AQA GCSE Physics

Revision Notes

4.3.1 Background Radiation

Background Radiation

  • It is important to remember that radiation is a natural phenomenon
  • Radioactive elements have always existed on Earth and in outer space
  • However, human activity has added to the amount of radiation that humans are exposed to on Earth

Background Radiation

  • Background radiation is defined as:

The radiation that exists around us all the time

  • There are two types of background radiation:
    • Natural sources
    • Man-made sources

Background Radiation Chart, downloadable AS & A Level Physics revision notes

Background radiation is the radiation that is present all around in the environment. Radon gas is given off from some types of rock

  • Every second of the day there is some radiation emanating from natural sources such as:
    • Rocks
    • Cosmic rays from space
    • Foods
  • Man-made sources of radiation increase the background radiation levels, examples include:
    • Fallout from nuclear weapons testing and nuclear accidents
    • Exposure from medical testing

Worked Example

A student is using a Geiger-counter to measure the counts per minute at different distances from a source of radiation. Their results and a graph of the results are shown here.

Background example, downloadable IGCSE & GCSE Physics revision notes

Determine the background radiation count.

Step 1: Determine the point at which the source radiation stops being detected

    • The background radiation is the amount of radiation received all the time
    • When the source is moved back far enough it is all absorbed by the air before reaching the Geiger-counter
    • Results after 1 metre do not change
    • Therefore, the amount after 1 metre is only due to background radiation

Step 2: State the background radiation count 

    • The background radiation count is 15 counts per minute

Measuring Radiation Dose

  • It is important to regulate the exposure of humans to radiation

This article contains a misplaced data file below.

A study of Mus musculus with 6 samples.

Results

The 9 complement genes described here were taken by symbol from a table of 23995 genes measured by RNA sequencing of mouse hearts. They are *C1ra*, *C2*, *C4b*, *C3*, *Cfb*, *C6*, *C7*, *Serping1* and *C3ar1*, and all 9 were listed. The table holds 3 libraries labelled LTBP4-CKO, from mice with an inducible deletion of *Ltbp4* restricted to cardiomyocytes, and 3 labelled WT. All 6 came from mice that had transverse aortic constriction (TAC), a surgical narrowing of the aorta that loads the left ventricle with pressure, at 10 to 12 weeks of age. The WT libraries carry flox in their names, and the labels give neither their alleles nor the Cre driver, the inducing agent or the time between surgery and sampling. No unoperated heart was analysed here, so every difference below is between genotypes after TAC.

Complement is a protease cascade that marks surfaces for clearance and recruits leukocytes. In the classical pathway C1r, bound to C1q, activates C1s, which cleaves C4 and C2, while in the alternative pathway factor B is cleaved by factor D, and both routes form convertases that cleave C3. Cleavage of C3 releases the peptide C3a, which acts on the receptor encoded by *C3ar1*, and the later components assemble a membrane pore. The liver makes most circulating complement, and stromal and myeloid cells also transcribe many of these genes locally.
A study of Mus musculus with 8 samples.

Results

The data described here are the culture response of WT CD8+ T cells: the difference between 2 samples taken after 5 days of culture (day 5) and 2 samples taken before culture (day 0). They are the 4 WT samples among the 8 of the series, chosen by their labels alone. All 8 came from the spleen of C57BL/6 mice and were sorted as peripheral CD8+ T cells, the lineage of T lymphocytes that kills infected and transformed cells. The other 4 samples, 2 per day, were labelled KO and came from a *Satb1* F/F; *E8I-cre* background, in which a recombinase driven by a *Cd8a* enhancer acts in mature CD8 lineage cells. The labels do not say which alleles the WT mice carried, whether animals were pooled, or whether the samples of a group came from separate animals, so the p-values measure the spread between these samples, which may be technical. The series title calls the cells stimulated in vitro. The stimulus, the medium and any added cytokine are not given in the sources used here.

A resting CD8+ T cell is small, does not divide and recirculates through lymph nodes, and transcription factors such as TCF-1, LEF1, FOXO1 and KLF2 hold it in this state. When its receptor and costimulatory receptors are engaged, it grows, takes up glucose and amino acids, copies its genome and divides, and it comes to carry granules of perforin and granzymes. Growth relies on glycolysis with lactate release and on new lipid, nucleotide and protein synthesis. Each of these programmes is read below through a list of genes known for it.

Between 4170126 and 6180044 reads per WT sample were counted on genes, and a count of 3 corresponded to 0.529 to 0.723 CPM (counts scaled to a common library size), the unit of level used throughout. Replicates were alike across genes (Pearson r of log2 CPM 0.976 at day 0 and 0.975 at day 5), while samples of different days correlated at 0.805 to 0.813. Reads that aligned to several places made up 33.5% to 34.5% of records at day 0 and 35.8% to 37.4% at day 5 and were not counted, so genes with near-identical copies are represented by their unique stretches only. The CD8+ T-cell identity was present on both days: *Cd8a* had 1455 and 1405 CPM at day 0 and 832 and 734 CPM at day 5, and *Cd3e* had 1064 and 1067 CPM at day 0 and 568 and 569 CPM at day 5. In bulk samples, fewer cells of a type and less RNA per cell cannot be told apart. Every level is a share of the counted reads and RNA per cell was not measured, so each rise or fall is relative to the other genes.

• The amount of radiation received by a person is called the dose and is measured in sieverts (Sv)
  • One sievert is a very big dose of radiation
    • It would cause acute radiation poisoning
  • People would normally receive about 3 mSv (0.003 Sv) in one year
  • To protect against over-exposure, the dose received by different activities is measured
  • A dosemeter measures the amount of radiation in particular areas

radiation-badge, IGCSE & GCSE Physics revision notes

A dosemeter, or radiation badge, can be worn by a person working with radiation in order to keep track of the amount of radiation they are receiving

Differences in Exposure

  • The level of background radiation and radiation dose may be affected by a person’s occupation or location
  • Some areas around the world have higher background radiation because they are closer to sources of radiation
  • People that work with nuclear radiation receive more radiation
    • The UK limit for nuclear industry employees is 20 mSv in one year
  • The diagram below compares the dose received by some different activities

Comparing dose, downloadable IGCSE & GCSE Physics revision notes

All living things emit a small amount of radiation: the amount of radiation within a banana is tiny, and not at all dangerous!

Exam Tip

You have been introduced to three different units to do with radiation:

  • Becquerels measure the amount of radiation emitted by a source every second
  • Counts per second measures the rate at which radiation hits a particular location
  • Sieverts measure the received dose of radiation

They are not the same thing!

Author: Katie

Katie has always been passionate about the sciences, and completed a degree in Astrophysics at Sheffield University. She decided that she wanted to inspire other young people, so moved to Bristol to complete a PGCE in Secondary Science. She particularly loves creating fun and absorbing materials to help students achieve their exam potential.